Aussie creates ‘in your face’ presence

Agency/Media Company: OMD Canada Client: Bristol-Myers Squibb Canada Brand: Aussie Hair Care Media Team: Ailsa MacLachlan, vice-president, group media director; Mandey Moote, media planning supervisor Timing: April to September 1999 Best Use of Magazine Best Plan for a Budget...

Agency/Media Company: OMD Canada

Client: Bristol-Myers Squibb Canada

Brand: Aussie Hair Care

Media Team: Ailsa MacLachlan, vice-president, group media director; Mandey Moote, media planning supervisor

Timing: April to September 1999

Best Use of Magazine

Best Plan for a Budget of Less Than $1 Million: Second Runner-up

The Background

The objectives of the plan were: to increase brand awareness and trial, improve distribution and continue the repositioning of Aussie as a funky, passionate and outrageous brand.

Among the major challenges were: to demonstrate the brand’s unique attributes in a way that the target could identify with, and to create excitement among the salesforce. It was also important to differentiate Aussie, in order to limit its cannibalization of Clairol’s other hair care brands.

The Plan

The strategy was to build recognition of and loyalty to the brand by creating an ‘in your face’ presence, while at the same time directing something more than just a straight brand-sell to the target group.

Television: A targeted television buy was focused on building the reach of the general message. The TV spot was tagged with a five-second mention of an in-store contest, which – in keeping with the brand name – offered a trip to Australia as the grand prize.

Wild postings: Thousands of 24 by 36-inch Aussie logos lined the streets in major urban centres across Canada. The wild postings helped to bring the brand-sell advertising down to the grassroots level.

Magazines: Aussie ads ran in both the EdgeFest and Frosh week issues of Chart magazine.

In addition, some 90,000 Aussie temporary tattoos were distributed with Chart at EdgeFest concerts across Canada. Another 100,000 tattoos were distributed with the magazine at Canadian university campuses during Frosh week.

Urban weeklies: An Aussie ad ran every other week in alternative newspapers Now and the WestEnder. Both papers carried the ad three times.

In Toronto-based Now, the ad alternated from week to week with an Aussie ‘Extreme Fun Guide’ – a report, developed in collaboration with the paper, that informed readers of upcoming extreme events and activities.

In the Vancouver-based WestEnder, the ad alternated with an Aussie-sponsored CD ‘pick of the week’ feature.

Both weeklies also distributed Aussie tattoos throughout the summer, at any events in which they participated.

Tattoo distribution: In all, hundreds of thousands of Aussie temporary tattoos were distributed, at events ranging from modeling contests to beach volleyball games. The salesforce were able to participate in some of these events, and in at least one instance actually applied tattoos to participants themselves.

The Results

For the Aussie target group in major urban centres, the logo was virtually inescapable for most of the summer. Indeed, it was literally imprinted on thousands of young consumers. Feedback from the salesforce was also very positive; factory shipments increased by a reported 18%.



* Western Union a global Villager p.BMP28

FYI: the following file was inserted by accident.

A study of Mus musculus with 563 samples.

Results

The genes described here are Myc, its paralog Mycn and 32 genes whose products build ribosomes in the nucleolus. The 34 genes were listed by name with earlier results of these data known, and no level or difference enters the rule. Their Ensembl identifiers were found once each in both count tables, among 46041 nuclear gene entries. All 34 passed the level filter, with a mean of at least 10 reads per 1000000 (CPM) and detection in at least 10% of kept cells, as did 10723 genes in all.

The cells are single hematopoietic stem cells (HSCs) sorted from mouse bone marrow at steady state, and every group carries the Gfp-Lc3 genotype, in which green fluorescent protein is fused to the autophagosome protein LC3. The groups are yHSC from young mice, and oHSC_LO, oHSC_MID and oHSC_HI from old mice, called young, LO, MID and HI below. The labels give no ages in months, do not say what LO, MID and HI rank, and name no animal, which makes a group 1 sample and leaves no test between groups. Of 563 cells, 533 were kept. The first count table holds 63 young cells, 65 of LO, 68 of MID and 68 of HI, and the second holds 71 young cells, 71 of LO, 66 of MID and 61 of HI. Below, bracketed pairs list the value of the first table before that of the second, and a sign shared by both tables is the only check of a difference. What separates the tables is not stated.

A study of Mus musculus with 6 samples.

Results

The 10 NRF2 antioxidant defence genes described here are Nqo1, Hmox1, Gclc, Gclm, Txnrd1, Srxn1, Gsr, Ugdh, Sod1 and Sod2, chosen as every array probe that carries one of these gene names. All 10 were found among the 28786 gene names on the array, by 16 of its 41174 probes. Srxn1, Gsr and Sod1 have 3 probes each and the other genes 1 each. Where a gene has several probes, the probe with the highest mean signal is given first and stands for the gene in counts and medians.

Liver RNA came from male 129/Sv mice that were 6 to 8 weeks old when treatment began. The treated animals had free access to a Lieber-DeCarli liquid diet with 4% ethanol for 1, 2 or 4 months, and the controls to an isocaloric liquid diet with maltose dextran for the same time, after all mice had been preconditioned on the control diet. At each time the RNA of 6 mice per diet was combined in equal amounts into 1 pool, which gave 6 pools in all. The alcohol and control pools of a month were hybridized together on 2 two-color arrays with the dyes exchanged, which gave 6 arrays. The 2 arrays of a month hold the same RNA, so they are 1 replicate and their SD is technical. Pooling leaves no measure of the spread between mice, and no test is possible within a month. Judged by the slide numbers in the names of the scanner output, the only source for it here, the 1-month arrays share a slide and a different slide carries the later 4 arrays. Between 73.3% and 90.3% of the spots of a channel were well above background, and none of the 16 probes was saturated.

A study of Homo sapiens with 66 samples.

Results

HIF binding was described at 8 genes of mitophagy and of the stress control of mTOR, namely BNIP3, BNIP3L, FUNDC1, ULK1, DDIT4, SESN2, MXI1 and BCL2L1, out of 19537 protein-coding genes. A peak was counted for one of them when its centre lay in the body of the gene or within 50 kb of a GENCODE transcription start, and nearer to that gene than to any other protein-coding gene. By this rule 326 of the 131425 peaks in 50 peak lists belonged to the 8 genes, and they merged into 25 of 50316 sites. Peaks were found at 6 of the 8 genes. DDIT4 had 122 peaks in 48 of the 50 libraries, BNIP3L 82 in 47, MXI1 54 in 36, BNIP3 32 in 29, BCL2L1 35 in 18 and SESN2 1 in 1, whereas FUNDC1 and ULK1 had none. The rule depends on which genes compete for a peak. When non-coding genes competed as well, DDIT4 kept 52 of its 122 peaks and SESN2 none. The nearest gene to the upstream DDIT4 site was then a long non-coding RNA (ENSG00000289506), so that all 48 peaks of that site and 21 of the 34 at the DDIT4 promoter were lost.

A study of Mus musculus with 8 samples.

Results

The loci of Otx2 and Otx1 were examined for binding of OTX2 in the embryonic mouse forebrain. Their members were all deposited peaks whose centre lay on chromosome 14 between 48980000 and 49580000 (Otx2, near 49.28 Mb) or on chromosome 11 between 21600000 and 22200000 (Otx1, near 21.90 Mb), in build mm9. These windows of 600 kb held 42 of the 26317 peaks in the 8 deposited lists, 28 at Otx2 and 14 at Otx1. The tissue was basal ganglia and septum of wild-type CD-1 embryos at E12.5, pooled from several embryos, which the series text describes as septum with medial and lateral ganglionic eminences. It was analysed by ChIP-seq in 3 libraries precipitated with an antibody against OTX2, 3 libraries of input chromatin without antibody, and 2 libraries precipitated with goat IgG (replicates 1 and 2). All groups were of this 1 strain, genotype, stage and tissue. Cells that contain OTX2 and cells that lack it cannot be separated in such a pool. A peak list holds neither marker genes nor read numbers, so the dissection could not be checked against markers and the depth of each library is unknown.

* The Judges p.BMP43

Zulu grows its team and makes a slate of promotions

A director of interactive production for Zulubot is among dozens of new faces and roles at the agency, in response to recent wins.
Zulu Alpha Kilo_New Zuligans

Toronto indie shop Zulu Alpha Kilo had made several new hires and promotions on the heels of new business and also organic growth from existing clients.

Zulu could not officially announce the account wins at this time.

However, it can report that Ece Inan, most recently at Toronto design and tech shop Array of Stars, has been named the agency’s new director of interactive production for Zulubot, the agency’s production arm. In the new role, Inan will lead AR, VR, voice and other digital innovation projects.

Also on the production side, James Graham, who has spent the last 17 years with Grip, has joined the agency as its studio director.

Zulu has also made numerous additions on the client services side, led by Michael Brathwaite, also from Grip, as account director.

It’s also announced a spate of new account supervisors, including Hayley Blackmore (from G Adventures), Risa Kastelic (from BT/A), Kara Oddi (also from BT/A), Emily Anzarouth (also from Grip), Chris Rosario (from FCB/Six) and Sarah Shiff (from Rethink).

In addition to the new hires (pictured above), the agency has also announced several promotions: Alyssa Guttman moves from account director to group account director, while Nina Bhayana, Michelle Fournier, Jenn Gaidola-Sobral and Erin McManus have all been promoted to account director, and Haley Holm to account supervisor. On the strategy team, strategists Carly Miller and Spencer MacEachern have both been promoted to strategy director, while Shaunagh Farrelly, who has been with Zulu for two years in a client service role, moves into a new role as a digital strategist.

In December, the shop also announced that Stephanie Yung would be returning to the agency after a stint in New York as its head of design. Recent wins the agency has been able to announce including work as AOR for the Ottawa Senators, as well as a new arrangement with existing client Consonant Skincare, setting up an in-house team to support growth after taking an equity stake in the company.

Zulu president Mike Sutton says it’s wonderful, in a new year, to welcome new faces and energy to the team and says the agency is fortunate to have had so many people across the agency step up to support its clients.

“Simply put, they were rock stars, and the promotions are very well deserved,” Sutton says.